The 1990s were an interesting time; they are the last decade before digital proliferation and by extension probably seem more interesting as a result. Experience was more tactile, and also more linear. It was when Hip Hop really infiltrated the mainstream culture through music, entertainment, and fashion. It is fun to look back to the fashion that was popular and see what might come back in style, what never left, and what looks absolutely ridiculous by today’s standards. Here is our take on the best and worst styles of 90s Hip Hop fashion.
Born in New England construction sites but tough enough to withstand the terrain of New York City, these boots become iconic in the 1990s with hip hop artists country-wide. Hustlers in NYC needed boots that could keep their feet warm and dry, even if they had to be standing outside all damn night. Initially hesitant about embracing a new market share they had no idea was interested in them, Timberland has become one of the biggest boot companies in the world due to their popularity from Hip Hop.
The truly legendary 6 inch boot is arguably the most recognizable footwear in Hip Hop, only because Jordans come in a lot more variety. Legend has it that in the 90s, Jay-Z was buying a new pair every week. They have been customized in every possible way that you can imagine, until you see a new spin on the once humble work boot. I personally love my Timberlands; they are still stylish 25 years later.
Jerseys became popular with rappers in the 90s due to the casual nature of the attire but also that they could give a silent shout out to a favourite player or a nod to a specific city. While used to differentiate between teams, jerseys have had an odd way of connecting people to Hip Hop.
Everlast wore Larry Bird’s Celtic green jersey in House of Pain’s “Jump Around” video, but it was MC Brains who actually wore it 6 months prior in his “Oochie Coochie” music video. Snoop Dogg’s donning of multiple hockey jerseys in “Gin and Juice” was a powerful moment of connection between Hip Hop and hockey, which was much more of an odd couple at the time. There are even some great custom made jerseys by Bad Boy, Master P, and Trick Daddy that pop up in some of the most memorable music videos. The tradition of wearing jerseys has been carried on through today by what seems like every rapper out there.
DJ Jazzy Jeff and Rodney Dangerfield catapulted this brand into a household name with an ad that ran during The Fresh Prince of Bel-Air. The Starter hat gave way to the Starter jacket, which blew up in popularity to sports fans as well as hip hop entertainers. This made them quickly become a status symbol. There were several instances of people who were killed for their jackets throughout the United States. The brand faltered a bit in the late 90s and was eventually scooped up by Nike, who had been trying to acquire them for years.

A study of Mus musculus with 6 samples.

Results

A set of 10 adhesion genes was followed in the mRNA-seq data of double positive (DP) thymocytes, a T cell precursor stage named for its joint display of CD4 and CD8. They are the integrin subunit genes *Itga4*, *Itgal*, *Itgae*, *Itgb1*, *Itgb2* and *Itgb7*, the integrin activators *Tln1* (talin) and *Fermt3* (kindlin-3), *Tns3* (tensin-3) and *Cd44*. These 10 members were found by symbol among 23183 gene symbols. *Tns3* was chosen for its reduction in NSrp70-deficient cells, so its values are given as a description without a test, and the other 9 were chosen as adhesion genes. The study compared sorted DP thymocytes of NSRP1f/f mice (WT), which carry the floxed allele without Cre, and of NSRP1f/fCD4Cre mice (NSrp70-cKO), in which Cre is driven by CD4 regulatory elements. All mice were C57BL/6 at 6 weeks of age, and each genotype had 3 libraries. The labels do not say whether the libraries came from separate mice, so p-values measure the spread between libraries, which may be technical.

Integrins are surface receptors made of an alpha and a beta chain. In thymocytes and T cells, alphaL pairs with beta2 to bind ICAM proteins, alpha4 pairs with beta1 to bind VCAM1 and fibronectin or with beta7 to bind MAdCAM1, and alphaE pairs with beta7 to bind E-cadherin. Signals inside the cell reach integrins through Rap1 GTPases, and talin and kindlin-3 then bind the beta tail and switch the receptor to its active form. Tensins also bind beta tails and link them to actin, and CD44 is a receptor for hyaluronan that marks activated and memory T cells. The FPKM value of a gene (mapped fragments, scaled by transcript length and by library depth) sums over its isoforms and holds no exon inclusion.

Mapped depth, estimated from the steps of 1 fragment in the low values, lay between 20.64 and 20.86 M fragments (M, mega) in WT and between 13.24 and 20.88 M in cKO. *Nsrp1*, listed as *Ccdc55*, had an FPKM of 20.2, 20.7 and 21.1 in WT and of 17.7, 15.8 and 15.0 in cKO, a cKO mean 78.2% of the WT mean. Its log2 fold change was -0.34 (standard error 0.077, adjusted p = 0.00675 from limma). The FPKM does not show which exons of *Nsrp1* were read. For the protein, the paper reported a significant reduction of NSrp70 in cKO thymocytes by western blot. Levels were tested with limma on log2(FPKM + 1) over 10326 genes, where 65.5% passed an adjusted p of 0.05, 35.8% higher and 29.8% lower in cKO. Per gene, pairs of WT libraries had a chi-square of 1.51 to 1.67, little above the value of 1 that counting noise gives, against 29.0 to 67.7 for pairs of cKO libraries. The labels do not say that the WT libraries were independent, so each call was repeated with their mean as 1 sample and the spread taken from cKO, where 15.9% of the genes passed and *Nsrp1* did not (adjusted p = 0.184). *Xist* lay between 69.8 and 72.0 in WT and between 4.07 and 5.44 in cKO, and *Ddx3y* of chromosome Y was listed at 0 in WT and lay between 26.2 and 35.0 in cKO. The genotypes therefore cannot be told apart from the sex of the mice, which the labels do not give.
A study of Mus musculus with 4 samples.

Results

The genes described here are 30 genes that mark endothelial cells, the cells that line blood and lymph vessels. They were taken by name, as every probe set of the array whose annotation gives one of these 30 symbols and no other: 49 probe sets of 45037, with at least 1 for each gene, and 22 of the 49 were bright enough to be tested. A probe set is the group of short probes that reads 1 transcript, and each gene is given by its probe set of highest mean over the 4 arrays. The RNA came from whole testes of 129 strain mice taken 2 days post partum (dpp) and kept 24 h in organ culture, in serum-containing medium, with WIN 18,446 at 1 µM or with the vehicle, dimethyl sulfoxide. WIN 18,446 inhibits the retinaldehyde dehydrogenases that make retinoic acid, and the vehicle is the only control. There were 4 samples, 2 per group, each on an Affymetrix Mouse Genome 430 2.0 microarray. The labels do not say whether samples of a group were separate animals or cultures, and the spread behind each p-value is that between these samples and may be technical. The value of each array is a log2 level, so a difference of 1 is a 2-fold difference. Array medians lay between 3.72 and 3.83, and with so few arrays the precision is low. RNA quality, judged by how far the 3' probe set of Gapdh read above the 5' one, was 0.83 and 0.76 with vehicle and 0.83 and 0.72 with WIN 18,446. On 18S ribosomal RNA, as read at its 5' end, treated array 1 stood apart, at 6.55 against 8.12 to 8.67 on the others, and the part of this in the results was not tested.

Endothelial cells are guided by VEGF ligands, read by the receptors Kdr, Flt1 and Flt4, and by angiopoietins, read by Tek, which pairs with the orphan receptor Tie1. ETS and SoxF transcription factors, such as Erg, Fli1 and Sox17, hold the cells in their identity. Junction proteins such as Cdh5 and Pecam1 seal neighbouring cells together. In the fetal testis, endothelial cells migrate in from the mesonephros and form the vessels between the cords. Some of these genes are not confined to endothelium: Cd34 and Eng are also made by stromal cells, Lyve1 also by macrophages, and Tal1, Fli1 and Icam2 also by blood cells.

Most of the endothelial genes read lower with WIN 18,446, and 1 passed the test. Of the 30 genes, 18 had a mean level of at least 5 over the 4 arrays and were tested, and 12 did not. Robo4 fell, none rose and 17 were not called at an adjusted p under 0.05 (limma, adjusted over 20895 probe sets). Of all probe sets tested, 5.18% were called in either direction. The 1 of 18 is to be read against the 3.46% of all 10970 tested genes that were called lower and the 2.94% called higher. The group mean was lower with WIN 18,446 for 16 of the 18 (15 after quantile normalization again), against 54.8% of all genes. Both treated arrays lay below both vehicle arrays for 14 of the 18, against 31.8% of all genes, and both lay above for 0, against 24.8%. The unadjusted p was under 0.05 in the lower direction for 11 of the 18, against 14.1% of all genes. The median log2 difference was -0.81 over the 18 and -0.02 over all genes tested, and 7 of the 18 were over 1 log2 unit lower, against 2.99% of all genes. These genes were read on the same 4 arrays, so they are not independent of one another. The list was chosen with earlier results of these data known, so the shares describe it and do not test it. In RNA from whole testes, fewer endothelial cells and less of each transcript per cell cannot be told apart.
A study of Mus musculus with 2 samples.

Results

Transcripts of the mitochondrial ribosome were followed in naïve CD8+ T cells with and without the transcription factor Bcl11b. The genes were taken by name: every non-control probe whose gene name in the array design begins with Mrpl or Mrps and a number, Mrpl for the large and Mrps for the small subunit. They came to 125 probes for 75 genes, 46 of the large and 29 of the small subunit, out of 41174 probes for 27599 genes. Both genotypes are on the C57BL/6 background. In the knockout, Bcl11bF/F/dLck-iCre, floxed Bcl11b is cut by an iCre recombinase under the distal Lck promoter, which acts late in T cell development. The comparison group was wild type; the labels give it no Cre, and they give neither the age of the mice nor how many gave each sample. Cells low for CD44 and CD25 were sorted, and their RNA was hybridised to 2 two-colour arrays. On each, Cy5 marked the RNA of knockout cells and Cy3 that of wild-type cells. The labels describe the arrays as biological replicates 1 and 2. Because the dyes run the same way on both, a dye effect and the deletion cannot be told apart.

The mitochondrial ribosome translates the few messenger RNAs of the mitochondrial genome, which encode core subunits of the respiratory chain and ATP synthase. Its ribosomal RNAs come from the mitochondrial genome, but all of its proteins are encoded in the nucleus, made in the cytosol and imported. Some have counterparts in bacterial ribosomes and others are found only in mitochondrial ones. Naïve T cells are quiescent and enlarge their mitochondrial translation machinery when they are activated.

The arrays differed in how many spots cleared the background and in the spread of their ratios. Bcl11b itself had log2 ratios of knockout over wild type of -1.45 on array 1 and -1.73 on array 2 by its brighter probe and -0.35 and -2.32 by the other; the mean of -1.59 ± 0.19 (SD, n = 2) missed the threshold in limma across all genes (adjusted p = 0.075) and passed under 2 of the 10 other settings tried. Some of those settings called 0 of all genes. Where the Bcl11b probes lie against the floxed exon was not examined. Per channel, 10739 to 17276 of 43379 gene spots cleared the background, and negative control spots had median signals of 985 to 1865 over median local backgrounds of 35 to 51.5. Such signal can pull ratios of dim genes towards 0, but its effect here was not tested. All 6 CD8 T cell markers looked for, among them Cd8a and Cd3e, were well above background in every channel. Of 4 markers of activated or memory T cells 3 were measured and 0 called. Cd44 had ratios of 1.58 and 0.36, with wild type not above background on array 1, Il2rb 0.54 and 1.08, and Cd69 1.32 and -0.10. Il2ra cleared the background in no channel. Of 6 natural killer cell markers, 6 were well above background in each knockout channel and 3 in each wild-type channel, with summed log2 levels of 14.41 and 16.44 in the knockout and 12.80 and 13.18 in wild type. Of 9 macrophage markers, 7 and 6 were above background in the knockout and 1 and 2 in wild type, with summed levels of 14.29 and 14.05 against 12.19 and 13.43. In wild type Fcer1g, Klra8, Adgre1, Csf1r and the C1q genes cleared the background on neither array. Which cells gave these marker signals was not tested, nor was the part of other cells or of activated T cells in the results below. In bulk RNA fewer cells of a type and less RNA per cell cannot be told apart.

When brainstorming ideas for this article, I thought this was a no-brainer. But in doing more research into it, I have grown to respect this idea. It’s something that doesn’t cost any extra money and is immediately recognizable in fashion. That is tough to do, especially considering these guys were only 13 years old when they made this popular! The late Chris Kelly (who passed away tragically in 2013, Rest in Peace Mac Daddy) said that he still wore his pants backwards all through his life even until 2013. He even says he wore suit pants backwards. I have to respect the commitment to a fashion choice made at 13. I feel like when compared to most 13 year olds, wearing your clothes backwards in probably one of the less embarrassing fashion choices.
The tracksuit of the 1970s came back in a big way in the 1990s, with popularization made possible by Run DMC and the 1992 Dream Team. But then when velour tracksuits were introduced, the Hip Hop fashion world went wild. Sean John, Enyce, FUBU, Echo, and pretty much every other hip hop fashion brand released a matching tracksuit during this era. The velour tracksuit once represented the most attractive choice of business diversification for every major rapper with a fashion brand.
XXL seemed to be one of the only size of clothing available to rappers in the 90s. TLC rocking gigantic overalls to the American Music Awards in 1994 carried on the influence of Dapper Dan that made gigantic sized clothes cool. There was also the influence of prison culture on Gangsta Rap. Rappers all around the United States had sagging, baggy jeans: similar to the style in prison, where belts are prohibited. When I picture the archetype for “90s rappers”, it undoubtedly features someone wearing baggy jeans and a massive t-shirt. Guys like Pharrell and Kanye West ushered in a new era of fashion in Hip Hop, where clothes could fit you, but even that was controversial at the time.
With the cyclical nature of fashion, and the increasing speed of fashion trends, some of what was popular in 1990s for fashion is back again, or has never left us. Thankfully enough, there were some trends that were not included in the revival effort, and look rather ridiculous by today’s standards. Staples of fashion today such as sports jerseys and Timberland boots established themselves in Hip Hop in the 1990s and infiltrated the mainstream culture to become mainstays.